The Directorate-General for Public Works and Water Management (Rijkswaterstaat) and the Port of Rotterdam Authority are to deepen the Nieuwe Waterweg and the Botlek. A tender for this was issued this week. The work will involve a one-and-a-half-metre deepening along a 25-kilometre stretch of waterway between Hoek van Holland, the Benelux Tunnel and the adjoining Botlek port. It is a necessary step which will improve accessibility to the Botlek ports. The deepening will begin in the spring of 2018 and will go on for around six months.
The deepening of the Nieuwe Waterweg and the Botlek fits in with the policy set out by the Port Authority and Rijkswaterstaat because they work together at optimising the accessibility of the Rotterdam port area, the sustainable development of the port and the excellent quality of the waterways network. ‘Medium-sized tankers and dry bulk carriers are getting bigger. The deepening will allow the New Panamax and Aframax ships to navigate the Nieuwe Waterweg without any restrictions,’ according to Willy Dekker, Network Director at Rijkswaterstaat. ‘To maintain the vitality of port industry in the Botlek, we need to invest in the preservation and renewal of this old port area,’ said Ronald Paul, COO at the Port Authority.
The deepening will encompass three different contract depths. The depth of the Botlek will go from ≈ 14.5 m (New Amsterdam Water Level (NAP)) to ≈ 15.90 m. Along the Nieuwe Waterweg, the first stretch from Hoek van Holland to Maassluis will de deepened from ≈ 15m to ≈ 16.20m. The second section up to the Benelux Tunnel will have a guaranteed depth of ≈ 16.40m. It used to be ≈ 14.5m. The additional 20 centimetres are connected to the lower salt content in the Nieuwe Waterweg which means ships need a greater water depth. After the deepening, ships with a draught of 15 metres will be able to sail into the harbour under normal circumstances. Ships with a draught of 14.90 metres can already sail through the new Panama Canal, so New Panamax ships will be able to reach the Botlek without any restrictions.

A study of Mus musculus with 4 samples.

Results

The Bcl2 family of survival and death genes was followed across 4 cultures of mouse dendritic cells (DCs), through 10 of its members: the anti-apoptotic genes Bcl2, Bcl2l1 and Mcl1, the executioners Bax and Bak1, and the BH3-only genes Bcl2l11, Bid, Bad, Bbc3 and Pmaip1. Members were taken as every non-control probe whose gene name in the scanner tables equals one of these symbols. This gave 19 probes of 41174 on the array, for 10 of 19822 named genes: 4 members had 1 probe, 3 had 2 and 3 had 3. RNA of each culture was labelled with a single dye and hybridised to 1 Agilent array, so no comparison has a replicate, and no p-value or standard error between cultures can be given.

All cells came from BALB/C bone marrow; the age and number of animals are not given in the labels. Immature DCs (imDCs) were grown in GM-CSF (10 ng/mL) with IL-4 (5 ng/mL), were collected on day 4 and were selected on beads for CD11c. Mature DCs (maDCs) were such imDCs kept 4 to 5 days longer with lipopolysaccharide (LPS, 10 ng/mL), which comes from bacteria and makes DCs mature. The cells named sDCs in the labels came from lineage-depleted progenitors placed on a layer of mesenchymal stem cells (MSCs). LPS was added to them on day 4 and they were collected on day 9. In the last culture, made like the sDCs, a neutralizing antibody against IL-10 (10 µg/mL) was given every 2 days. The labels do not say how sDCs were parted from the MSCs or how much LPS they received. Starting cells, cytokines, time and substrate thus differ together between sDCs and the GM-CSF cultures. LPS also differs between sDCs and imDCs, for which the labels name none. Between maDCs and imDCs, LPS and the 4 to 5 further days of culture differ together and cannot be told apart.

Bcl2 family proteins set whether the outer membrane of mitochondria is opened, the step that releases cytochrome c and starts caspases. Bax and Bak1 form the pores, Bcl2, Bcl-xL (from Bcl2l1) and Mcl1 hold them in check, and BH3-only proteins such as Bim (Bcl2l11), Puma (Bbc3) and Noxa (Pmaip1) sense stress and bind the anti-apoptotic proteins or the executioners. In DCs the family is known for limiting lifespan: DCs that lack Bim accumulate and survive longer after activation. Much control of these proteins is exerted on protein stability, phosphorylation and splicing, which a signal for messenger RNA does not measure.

The dredging work will take place in the same way as regular maintenance dredging in the ports and along the river. There will be no extra disturbance to the surroundings, shipping or the workers at the port. As part of the project, compensation will be offered to affected water boards for precautions against any salinisation that may occur due to the salt water from the North Sea pushing further inland.
The Nieuwe Waterweg was constructed in 1872 under the direction of civil engineer Pieter Caland and forms the final section that connects Rotterdam with the sea. At the time, the length of the breach that was cut through the dunes near what we now call the Hoek van Holland was only 4.3 km. The Nieuwe Waterweg is affected by complex currents such as the ebb and flow of the tides, currents flowing inland and currents flowing towards the sea. For this reason, the depth of the Nieuwe Waterweg will also be maintained by constant dredging.
The Botlek was constructed between 1955 and 1960. This port are is mainly characterised by the petrochemicals industry and tank storage companies. The first company to set up here was Dow Chemical in 1956, followed in 1957 by the Cornelis Verolme shipyard. By 1961 all of the land had been allocated.
In order to strengthen its position as Europe’s largest logistical and industrial hub, the port of Rotterdam works continuously to improve accessibility. In this context, sustainable solutions are sought to optimise access to Europe by road, rail, pipeline and coastal and inland navigation.